5 Tips from Around the World for Making a Better Pot Roast

5 Tips from Around the World for Making a Better Pot Roast

Mar 30, 2017
(Image credit: Lauren Volo)

When we hear the words "pot roast," many of us think of the Sunday classic — a hunk of braised beef swimming in gravy and surrounded by tender vegetables — but "pot roast" is also a verb. To pot roast something promises that meat is browned and then braised with a long slow, cook until tender. Many cultures have their own distinct pot roasts with ingredients ranging from lamb to green olives to prunes. While ingredients vary, there are many techniques from these regional pot roasts that we can apply to our own pot roast at home. Here are my four favorite pot roasts from around the world and the tips they teach us about making better pot roast at home.

(Image credit: Lauren Volo)

1. Stracotto (Italian)

Stracotto translates from Italian to mean "overcooked," which is a pleasant way to refer to the tender beef created from this version of pot roast. Much like New England pot roast varies just a bit from Southern pot roast, stracotto has many regional varieties in Italy, but most are built on soffritto — a mixture of celery, onions, and carrots similar to mirepoix — tomatoes, red wine, and cinnamon or cloves.

Try it: Warm spices go a long way in livening up a braised dish of beef. Try adding a single cinnamon stick or a tiny pinch of clove to your next pot roast.

(Image credit: Lauren Volo)

2. Daube (French)

Daube may more closely resemble beef stew than pot roast, as it's often made from a combination of beef cuts including short rib and chuck, but the daubière, a special pot designed to reduce evaporation as the stew cooks, is worth noting here. Slowing evaporation results in more moisture for the beef to cook in and more gravy, which makes for an instantly better pot roast.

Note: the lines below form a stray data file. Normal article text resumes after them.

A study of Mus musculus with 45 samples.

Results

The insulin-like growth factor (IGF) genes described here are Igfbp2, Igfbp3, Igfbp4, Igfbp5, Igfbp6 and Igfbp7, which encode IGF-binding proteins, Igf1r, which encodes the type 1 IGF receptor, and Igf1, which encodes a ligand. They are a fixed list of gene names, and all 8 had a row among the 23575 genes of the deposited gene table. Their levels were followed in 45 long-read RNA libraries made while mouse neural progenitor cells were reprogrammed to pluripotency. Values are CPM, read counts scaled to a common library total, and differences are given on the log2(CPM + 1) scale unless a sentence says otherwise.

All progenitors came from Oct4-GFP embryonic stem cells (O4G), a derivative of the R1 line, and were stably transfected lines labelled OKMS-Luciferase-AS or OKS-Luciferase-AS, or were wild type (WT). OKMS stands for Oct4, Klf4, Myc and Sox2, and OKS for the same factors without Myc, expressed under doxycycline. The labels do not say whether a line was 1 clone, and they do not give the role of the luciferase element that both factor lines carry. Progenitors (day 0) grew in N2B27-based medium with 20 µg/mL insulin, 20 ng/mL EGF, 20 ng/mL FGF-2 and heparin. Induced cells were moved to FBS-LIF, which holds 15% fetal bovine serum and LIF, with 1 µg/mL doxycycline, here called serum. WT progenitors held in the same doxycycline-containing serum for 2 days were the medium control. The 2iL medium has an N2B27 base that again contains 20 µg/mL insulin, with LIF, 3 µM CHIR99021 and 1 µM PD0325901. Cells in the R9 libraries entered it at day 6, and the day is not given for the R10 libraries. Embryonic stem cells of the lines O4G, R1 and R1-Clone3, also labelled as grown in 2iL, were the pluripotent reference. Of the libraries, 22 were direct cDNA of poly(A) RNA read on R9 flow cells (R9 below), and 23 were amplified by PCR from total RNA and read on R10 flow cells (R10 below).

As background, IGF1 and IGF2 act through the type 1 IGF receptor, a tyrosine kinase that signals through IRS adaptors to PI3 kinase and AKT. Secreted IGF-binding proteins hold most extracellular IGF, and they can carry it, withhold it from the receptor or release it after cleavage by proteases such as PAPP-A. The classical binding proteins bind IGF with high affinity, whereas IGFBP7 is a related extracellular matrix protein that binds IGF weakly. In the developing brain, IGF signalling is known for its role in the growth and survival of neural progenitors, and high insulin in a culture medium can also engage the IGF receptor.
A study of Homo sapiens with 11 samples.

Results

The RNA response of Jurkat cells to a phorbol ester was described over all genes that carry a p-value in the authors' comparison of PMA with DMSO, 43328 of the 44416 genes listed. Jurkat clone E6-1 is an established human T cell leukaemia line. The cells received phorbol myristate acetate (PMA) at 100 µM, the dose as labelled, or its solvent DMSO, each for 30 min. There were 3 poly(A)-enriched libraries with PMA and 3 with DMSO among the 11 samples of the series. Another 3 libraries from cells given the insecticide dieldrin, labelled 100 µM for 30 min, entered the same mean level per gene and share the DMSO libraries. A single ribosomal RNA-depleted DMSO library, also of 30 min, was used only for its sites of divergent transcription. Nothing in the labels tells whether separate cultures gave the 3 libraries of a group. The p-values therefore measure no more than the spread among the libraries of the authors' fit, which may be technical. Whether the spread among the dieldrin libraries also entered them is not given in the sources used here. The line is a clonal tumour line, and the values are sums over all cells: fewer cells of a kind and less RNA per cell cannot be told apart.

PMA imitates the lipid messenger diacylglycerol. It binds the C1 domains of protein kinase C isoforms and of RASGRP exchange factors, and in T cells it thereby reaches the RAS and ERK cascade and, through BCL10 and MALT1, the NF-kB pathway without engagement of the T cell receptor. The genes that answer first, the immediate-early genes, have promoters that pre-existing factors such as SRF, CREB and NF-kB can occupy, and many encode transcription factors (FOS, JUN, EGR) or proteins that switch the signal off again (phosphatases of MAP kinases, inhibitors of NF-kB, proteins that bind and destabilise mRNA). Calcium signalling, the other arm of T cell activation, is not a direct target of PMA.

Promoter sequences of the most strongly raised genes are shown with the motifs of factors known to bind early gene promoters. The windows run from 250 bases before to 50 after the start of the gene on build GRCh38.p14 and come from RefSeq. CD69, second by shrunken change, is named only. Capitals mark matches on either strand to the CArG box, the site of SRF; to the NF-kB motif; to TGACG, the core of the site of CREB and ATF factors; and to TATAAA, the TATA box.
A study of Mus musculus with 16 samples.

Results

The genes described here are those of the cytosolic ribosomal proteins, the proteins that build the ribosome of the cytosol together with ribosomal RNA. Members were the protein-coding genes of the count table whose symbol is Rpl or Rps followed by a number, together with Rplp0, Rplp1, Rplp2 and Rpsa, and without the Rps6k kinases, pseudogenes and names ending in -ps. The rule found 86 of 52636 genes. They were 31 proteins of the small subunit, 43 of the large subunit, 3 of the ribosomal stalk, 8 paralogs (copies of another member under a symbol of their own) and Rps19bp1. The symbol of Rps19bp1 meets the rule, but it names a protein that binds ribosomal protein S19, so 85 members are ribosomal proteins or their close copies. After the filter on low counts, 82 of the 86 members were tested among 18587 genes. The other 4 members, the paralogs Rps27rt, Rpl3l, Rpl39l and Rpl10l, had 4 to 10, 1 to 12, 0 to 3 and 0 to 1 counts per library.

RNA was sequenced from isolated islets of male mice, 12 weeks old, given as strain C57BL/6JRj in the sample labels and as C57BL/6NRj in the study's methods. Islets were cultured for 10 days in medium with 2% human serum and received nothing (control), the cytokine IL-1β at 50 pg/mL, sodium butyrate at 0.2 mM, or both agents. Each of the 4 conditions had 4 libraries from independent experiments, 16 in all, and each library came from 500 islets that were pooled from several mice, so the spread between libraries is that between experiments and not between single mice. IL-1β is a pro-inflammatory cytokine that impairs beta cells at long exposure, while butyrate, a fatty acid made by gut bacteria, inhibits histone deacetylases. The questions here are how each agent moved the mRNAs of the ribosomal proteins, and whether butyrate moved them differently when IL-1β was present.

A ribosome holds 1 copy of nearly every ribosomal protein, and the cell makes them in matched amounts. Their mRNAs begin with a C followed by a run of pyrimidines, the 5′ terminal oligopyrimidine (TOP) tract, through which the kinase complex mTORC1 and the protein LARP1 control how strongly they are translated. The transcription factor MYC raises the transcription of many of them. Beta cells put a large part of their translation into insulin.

Try it: Slow down evaporation and mimic the daubière in your Dutch oven by wetting a piece of parchment paper and laying it directly on the pot roast before covering and braising.

3. Boliche (Cuban)

Boliche, or boliche mechado, is so full of delicious additions to traditional pot roast it's hard to know where to start. First off, the roast here is usually stuffed with more meat (often chorizo and sometimes ham) before being marinated in a mixture of onions, garlic, and sour orange juice. The marinade becomes part of the braising liquid, which can include more sour orange juice, green olives, tomatoes, and soffritto.

Try it: While few of us have sour orange juice on hand, we likely have a few bottles of vinegar, which can improve our pot roast with just a splash. Try adding just a teaspoon of malt or red wine vinegar to your braising liquid for better pot roast.

(Image credit: Christine Han)

4. Sauerbraten (German)

Often called German pot roast, sauerbraten is a pot roast which is marinated for several days in a strong vinegar and spice mixture before being braised. The marinade flavors and tenderizes the beef before cooking.

Try it: Try marinating your pot roast in the wine you plan to braise the meat in the night before, but be sure to pat the meat very dry before browning.

Get a recipe: German Slow Cooker Pot Roast (Sauerbraten)

5. Carne Assada (Portuguese)

This pot roast most closely resembles the pot roast that we know best, with one smart addition: chourico. This Portuguese sausage is similar to the dry version of Spanish chorizo and lends loads of spices and meaty flavor to the finished pot roast.

Try it: No need to stick with only one type of meat in your pot roast, especially if the other meat can be used to beef up the pot roast's flavor. You can fry bacon, use the fat to brown your beef roast, and then chop and add it to the braising liquid for a smoky flavor without smoking the meat.